The Charlotte County Sheriff's Office displayed its new expanded hydroponic lettuce-growing facility at the County Jail Aug. 8 for the first time complete with a profitable worm farm operation.
The Charlotte County Jail's new worm farm operation, raised in eight large concrete vats, is enriched with compost soil mixed with lettuce scraps and recycled shredded paper jail documents
The operation, which started out with 5,000 worms, has grown to an estimated 60,000 night crawlers.
Capt. Bill Prummell
The worms are packaged and sold to bait shops under the brand name "Jail's Bait." All proceeds from worm sales go back into the inmate welfare fund.
The worms churn up nutrient soil for plants, fertilize the grounds and help grow oak trees the county uses for plantings.
The new growing area also provides Nevada lettuce for the inmate population.
"Our inmates used to get fresh lettuce for salads only a couple times a year," said Capt. Bill Prummell. "This new facility has expanded 10 times in size and now provides fresh lettuce on a year-around basis."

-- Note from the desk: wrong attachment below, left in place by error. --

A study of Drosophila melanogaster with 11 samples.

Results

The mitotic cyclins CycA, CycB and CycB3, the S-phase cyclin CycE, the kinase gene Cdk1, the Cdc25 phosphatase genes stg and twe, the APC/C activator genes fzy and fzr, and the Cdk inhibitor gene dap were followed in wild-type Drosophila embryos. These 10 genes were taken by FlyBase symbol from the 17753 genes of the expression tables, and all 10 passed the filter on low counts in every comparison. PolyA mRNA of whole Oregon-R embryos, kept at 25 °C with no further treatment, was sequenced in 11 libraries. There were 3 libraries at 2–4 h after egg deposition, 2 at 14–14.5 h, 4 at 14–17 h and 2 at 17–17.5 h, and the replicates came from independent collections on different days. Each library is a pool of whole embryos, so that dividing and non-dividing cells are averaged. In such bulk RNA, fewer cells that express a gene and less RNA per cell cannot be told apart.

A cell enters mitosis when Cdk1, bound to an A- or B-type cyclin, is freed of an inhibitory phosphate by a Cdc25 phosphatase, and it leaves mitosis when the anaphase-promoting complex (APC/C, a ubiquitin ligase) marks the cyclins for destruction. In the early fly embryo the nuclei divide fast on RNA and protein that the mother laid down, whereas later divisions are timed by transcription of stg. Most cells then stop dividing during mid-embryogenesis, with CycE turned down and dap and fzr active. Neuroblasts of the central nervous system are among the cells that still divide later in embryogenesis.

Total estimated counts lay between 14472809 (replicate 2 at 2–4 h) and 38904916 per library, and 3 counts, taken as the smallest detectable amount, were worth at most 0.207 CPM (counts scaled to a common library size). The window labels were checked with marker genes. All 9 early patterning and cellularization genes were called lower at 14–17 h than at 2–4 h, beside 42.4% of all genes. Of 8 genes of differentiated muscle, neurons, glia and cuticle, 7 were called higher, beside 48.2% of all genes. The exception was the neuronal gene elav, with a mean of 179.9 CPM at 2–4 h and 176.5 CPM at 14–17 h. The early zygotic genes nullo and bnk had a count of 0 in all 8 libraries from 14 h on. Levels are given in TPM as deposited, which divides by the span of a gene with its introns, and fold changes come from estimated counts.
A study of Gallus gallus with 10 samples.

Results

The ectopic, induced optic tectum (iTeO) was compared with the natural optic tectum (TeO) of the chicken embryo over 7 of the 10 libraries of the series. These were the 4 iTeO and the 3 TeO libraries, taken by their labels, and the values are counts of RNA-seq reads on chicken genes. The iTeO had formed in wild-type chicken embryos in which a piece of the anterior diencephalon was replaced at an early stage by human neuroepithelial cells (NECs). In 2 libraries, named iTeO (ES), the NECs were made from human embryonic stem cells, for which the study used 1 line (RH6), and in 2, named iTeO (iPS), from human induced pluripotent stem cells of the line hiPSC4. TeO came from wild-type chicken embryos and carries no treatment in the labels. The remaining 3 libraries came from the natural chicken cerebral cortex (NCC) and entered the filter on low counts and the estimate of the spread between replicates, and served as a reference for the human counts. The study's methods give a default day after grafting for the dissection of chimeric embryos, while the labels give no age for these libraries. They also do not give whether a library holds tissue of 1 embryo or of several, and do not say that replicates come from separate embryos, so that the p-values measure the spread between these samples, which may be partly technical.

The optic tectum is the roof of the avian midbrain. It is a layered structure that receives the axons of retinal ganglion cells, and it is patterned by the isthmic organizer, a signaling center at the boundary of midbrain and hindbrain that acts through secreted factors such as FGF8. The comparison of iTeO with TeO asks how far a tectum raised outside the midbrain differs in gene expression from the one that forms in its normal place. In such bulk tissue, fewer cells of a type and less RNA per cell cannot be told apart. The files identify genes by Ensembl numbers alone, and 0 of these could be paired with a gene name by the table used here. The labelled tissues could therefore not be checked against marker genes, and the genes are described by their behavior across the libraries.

Inmates now get lettuce at least once a week.
New seedlings soon will produce bell peppers, too.
"Providing our own vegetables for inmate's meals is a savings to taxpayers," Brummell said.
The hydroponic lettuce operation and worm farm is overseen by jail staff and tended to by several trustee inmates who are learning a new trade. Brummell said the jail is receiving inquiries from employers in the hydroponic industry asking for references about trained former inmates.
The smaller facility is now being used to find what vegetables grow best hydroponically at the jail.
"Plans are coming together now for the next project to grow potatoes for our inmate population," he said.